Frasier Finale

26 December, 2004 at 22:11 Leave a comment

adapted from –, et al.

Posing for posterity, one last time, is the cast of “Frasier,” from left to right: David Hyde Pierce, Kelsey Grammer, Peri Gilpin, John Mahoney, and Jane Leeves.  (Photo: AP)

On July this year the sitcom “Frasier” bid adieu to millions of viewers worldwide after an amazing run of 11 years. I’ve got to say this is one of the best teleseries ever. The humour in Frasier is not just of the slapstick variety but of the truly witty kind. The series’ many writers have done a tremendous job in maintaining the high standards of the sitcom throughout the decade. This complemented by the top-notch performances from the illustrious cast led to the show bagging Emmys year after year. For the record, Mr.Gammar essayed this character for a record-equalling 20 years (starting with “Cheers”) and that is achievement. Anyways, it was a cute little ending. It starts on a plane with Frasier telling and recounting to a fellow shrink his last few hectic weeks –
First, he had endured the departure of his latest true love, Charlotte (Laura Linney). They shared a quiet dinner and tender moments – the ending is especially so romantic (cliched like the Ross-Rachel episode on “Friends” and the you-forgot-to-take-your-car-keys snippet in “Theres Something About Mary” but this Frasier one was a lot warmer and which I will use in one of my stories) – and off she went to Chicago. The drama takes place at the airport where Charlotte is leaving. Then she comes running back to take her scarf. Then she comes running back to take her cell-phone. But then she leaves and we feel for Frasier.
Second, as Frasier’s brother Niles (David Hyde Pierce) and Niles’ wife Daphne (Jane Leeves) awaited the arrival of their first child, the brothers took it upon themselves to orchestrate the wedding of their father, Martin (John Mahoney), to his betrothed, Ronee (Wendie Malick) at short notice because Martin gives a wrong date to the hotel. There is some physical comedy like air-conditioning not working and Martin’s dog, Eddie, swallowing the wedding ring. Then, after Niles and Daphne rushed the pooch to the vet (Jason Biggs) while the wedding party waited. There, Daphne who is pregnant, gets the motions and gives birth.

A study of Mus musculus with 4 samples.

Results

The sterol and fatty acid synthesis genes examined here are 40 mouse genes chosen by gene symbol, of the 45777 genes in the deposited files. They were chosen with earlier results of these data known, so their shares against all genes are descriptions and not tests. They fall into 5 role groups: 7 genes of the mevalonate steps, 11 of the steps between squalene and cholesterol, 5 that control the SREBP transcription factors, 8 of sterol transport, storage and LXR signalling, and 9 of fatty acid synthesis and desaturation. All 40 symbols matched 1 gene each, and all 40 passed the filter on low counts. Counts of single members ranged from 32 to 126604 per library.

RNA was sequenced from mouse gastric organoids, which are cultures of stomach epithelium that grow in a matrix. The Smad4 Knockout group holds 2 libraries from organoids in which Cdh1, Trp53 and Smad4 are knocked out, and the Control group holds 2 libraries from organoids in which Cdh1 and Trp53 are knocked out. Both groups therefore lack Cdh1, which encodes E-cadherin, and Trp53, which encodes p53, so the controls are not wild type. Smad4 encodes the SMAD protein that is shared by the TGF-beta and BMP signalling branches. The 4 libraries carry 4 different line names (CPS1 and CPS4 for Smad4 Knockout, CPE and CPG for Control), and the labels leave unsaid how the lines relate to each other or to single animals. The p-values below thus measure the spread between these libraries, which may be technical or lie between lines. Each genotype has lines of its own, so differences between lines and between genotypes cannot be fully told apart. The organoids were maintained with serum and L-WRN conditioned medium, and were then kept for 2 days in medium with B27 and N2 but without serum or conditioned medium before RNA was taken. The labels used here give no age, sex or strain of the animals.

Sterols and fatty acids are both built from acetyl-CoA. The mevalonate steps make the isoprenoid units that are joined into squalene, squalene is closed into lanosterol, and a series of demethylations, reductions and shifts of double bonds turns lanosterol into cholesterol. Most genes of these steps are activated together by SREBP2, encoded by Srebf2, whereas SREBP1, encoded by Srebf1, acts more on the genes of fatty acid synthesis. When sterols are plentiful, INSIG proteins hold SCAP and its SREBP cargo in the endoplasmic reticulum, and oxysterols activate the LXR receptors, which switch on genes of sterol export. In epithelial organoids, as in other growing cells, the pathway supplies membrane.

Scoring one of the hour’s biggest laughs, Niles, the proud new dad, greeted Frasier, Martin and Ronee at the vet’s office cradling a monkey with a bottle.
“Don’t stare,” Martin scolded Frasier. “You were no prize at that age, either!”
With the ring retrieved from Eddie, the wedding went forward right there in the vet’s operating room, with Daphne still on the table with her newborn son. All these are shown wth great camera angles and soft music. The technical crew was the best I have seen in a TV series.
Smart, goofy and droll: Just another chapter in Frasier’s life.
Last (but not you-know-what-word), Frasier made a big decision and accepted an offer to move his radio-advice show to San Francisco. But his announcement to family and friends that he was leaving was first mistaken by them as awful news that he had a terminal illness.
“Cry if you must,” said Frasier as they bawled, “but I assure you, when I pass through that Golden Gate, I will be smiling.”
And then, returning to the present, there was Frasier on the plane. Headed to San Francisco? No! In a delicious twist, he was landing in Chicago, determined to win back Charlotte. I wonder if most people caught this. “Wish me luck,” he said to the woman beside him. And every viewer will.
Befitting the NBC series’ 11 seasons, the finale was sweet, chaotic and free of sentimental pandering. It was truly touching, blending closure and a question: Will Frasier and Charlotte reunite? The way endings should be and without any Freudian psychobabble or intellectual expound on Grand Opera or Limoges China as most people expected. The show was full of kindred if competitive spirits, they shared a highbrow worldview at once pompous and relatable: Like anybody, they just wanted the best. And this show was one of the best too with shaky un-perfect and hence, endearing and identifiable characters. And like any caring person, Frasier only wanted to help those less fortunate: the less refined world that surrounded him.
I really did like the finale. It was subtle and the sound and camerawork and lighting was brilliant. This scene has to be watched but you all know I will ramble on –
“For 11 years,” Dr. Crane told his radio audience on his final broadcast, “you’ve heard me say, ‘I’m listening.’ Well, you were listening, too, and I’m eternally grateful. Goodnight, Seattle.”
Millions of “Frasier” fans were saying “goodnight” back. As a tribute to the show (and more for memory), here are some quotes selected from WWW. Enjoy!